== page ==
The government will offer a “levelling up premium” of up to £3,000 to send the “best” maths and science teachers to areas that “need them the most”.
Johnson announced the £60 million scheme during his Conservative party conference speech today. It is actually the repackaging of the same policy that launched in 2019 but was scrapped last year.
The Conservative party said the payments would target teachers in the first five years of of their career in maths, physics, chemistry and computing – the four subjects facing the “greatest supply challenges”.
Education secretary Nadhim Zahawi said the payments will “support the recruitment and retention of specialist teachers in shortage subjects and in the schools and areas that need them most.
“We know that more than one in ten teachers from the most disadvantaged secondary schools leave to teach in other schools and we are determined to correct that by ensuring a competitive financial offer for teachers to drive up quality: levelling up opportunity with targeted investment.
“Levelling up premiums will make a real difference to schools across the country as we build back better from the pandemic.”
Zahawi dodges policy U-turn question
The government actually scrapped such early-career retention payments last year.
A £10 million two-year pilot offering early career maths and physics teachers in deprived areas £2,000 a year extra to stay in the profession was launched in 2019. Maths teachers were also previously eligible for a £5,000 early career payment.
But the Department for Education ditched the scheme last year alongside wielding cuts to teacher training bursaries.
When asked if the scheme is a U-turn by the BBC World at One, Zahawi said: “I’m a pragmatist when it comes to these things. Why not focus very much on the particular parts of the country that really need them.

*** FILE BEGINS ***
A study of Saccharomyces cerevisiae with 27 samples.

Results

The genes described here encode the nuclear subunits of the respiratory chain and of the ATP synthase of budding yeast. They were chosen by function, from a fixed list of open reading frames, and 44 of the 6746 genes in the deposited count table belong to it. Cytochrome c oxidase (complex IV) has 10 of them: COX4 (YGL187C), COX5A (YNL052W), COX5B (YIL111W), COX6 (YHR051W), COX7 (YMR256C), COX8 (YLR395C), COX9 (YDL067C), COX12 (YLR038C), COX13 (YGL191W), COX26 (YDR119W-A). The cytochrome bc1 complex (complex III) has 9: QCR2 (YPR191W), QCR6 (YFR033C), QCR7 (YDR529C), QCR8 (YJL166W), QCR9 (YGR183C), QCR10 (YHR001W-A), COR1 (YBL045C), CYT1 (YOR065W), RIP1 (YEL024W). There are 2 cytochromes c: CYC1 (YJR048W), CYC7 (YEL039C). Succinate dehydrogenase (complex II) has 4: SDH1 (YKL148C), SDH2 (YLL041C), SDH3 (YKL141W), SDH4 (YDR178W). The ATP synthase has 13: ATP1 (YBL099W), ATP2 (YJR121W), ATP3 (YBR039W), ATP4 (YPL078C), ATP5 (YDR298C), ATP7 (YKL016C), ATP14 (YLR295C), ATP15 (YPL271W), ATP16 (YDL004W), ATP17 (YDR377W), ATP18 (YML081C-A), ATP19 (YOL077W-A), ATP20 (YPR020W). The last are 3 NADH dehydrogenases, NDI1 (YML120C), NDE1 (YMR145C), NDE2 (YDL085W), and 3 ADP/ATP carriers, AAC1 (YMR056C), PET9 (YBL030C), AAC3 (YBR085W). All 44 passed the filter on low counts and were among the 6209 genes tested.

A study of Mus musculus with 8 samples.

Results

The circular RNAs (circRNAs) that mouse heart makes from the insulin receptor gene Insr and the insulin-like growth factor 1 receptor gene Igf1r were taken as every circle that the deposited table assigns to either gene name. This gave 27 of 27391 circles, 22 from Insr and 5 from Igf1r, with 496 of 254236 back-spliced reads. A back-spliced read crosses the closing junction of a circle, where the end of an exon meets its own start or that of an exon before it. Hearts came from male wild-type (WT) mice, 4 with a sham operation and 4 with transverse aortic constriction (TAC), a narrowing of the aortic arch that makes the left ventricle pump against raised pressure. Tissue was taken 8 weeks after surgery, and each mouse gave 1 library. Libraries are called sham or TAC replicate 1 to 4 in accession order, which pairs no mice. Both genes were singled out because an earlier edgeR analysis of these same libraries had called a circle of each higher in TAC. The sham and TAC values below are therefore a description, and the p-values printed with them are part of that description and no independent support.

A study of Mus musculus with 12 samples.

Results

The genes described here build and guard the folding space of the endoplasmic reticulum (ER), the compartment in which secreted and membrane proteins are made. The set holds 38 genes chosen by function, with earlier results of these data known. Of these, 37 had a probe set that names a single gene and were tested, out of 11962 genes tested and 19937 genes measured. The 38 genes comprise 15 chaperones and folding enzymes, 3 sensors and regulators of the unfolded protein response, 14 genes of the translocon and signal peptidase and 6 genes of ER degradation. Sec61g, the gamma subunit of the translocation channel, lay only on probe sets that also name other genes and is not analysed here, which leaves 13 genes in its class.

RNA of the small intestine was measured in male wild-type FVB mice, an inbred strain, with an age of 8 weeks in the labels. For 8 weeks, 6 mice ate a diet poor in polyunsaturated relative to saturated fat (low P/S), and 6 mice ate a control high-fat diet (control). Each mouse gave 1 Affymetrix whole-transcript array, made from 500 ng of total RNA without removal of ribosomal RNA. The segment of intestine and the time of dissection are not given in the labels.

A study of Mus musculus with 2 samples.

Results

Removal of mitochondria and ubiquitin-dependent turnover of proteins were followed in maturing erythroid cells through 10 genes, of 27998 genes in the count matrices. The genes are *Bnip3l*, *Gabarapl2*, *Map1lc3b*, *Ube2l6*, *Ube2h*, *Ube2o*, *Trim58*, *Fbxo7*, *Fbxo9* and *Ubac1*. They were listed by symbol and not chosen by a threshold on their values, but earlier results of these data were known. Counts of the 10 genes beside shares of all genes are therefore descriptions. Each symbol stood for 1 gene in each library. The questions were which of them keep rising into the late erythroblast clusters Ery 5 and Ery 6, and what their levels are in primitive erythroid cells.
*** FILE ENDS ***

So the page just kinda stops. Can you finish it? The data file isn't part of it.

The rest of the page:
“Let’s try and encourage those teachers to stay or join the profession. It is a good announcement, it’s the right thing to do.”
The government also has a poor record on schemes attempting to send the best teachers into struggling schools.
Former education secretary Nicky Morgan’s plans to pay 1,500 “elite” teachers extra to work in under-performing schools was scrapped after just 24 took up the offer.
The DfE said “international evidence indicates premiums that deliver a 10 per cent increase in pay could reduce leavers from among early career teachers in shortage subjects by 30 per cent”. However they did not provide the source of the study.
The department said further details will be announced “in due course”.
Johnson said the premium payments would “send the best maths and science teachers to the places that need them the most.”
He said the extra payments were to “level up” and would come “on top of the increase which means every teacher starts with a salary of £30,000”.
In its 2019 election manifesto, the Conservatives pledged to raise teachers’ starting salaries to £30,000 by 2022-23.
However, Schools Week revealed last year this promise had been abandoned and the target is now set for 2024 instead after a pay freeze was enacted for teachers.
PM highlights super selective sixth form as ‘levelling up proof’
Elsewhere in his speech today, Johnson pointed to Brampton Manor, a selective sixth form in east London, as “proof of what I mean by unleashing potential and levelling up”.
“I’ll tell you what levelling up is. A few years ago they started a school not far from the Olympic Park, a new school anyone could send their kids to in an area that for decades has been one of the most disadvantaged in London,” Johnson said.
“That school is Brampton Manor Academy and it now sends more kids to Oxbridge than Eton.
“And we can do it – there is absolutely no reason why the kids of this country should lag behind and why so many should be unable to read or write or do basic mathematics at 11.”
The school is one of the most selective sixth forms in the country. To gain a place at the school, pupils normally have to achieve an average of 7s across all their GCSEs.
The school is reportedly oversubscribed at a rate of 10:1, meaning for every one pupil that gets a place, nine get turned down. Pupils travel from up to two hours away to attend the school.
This year, 55 Brampton students secured Oxbridge places – more than the 48 pupils at the prestigious private school Eton.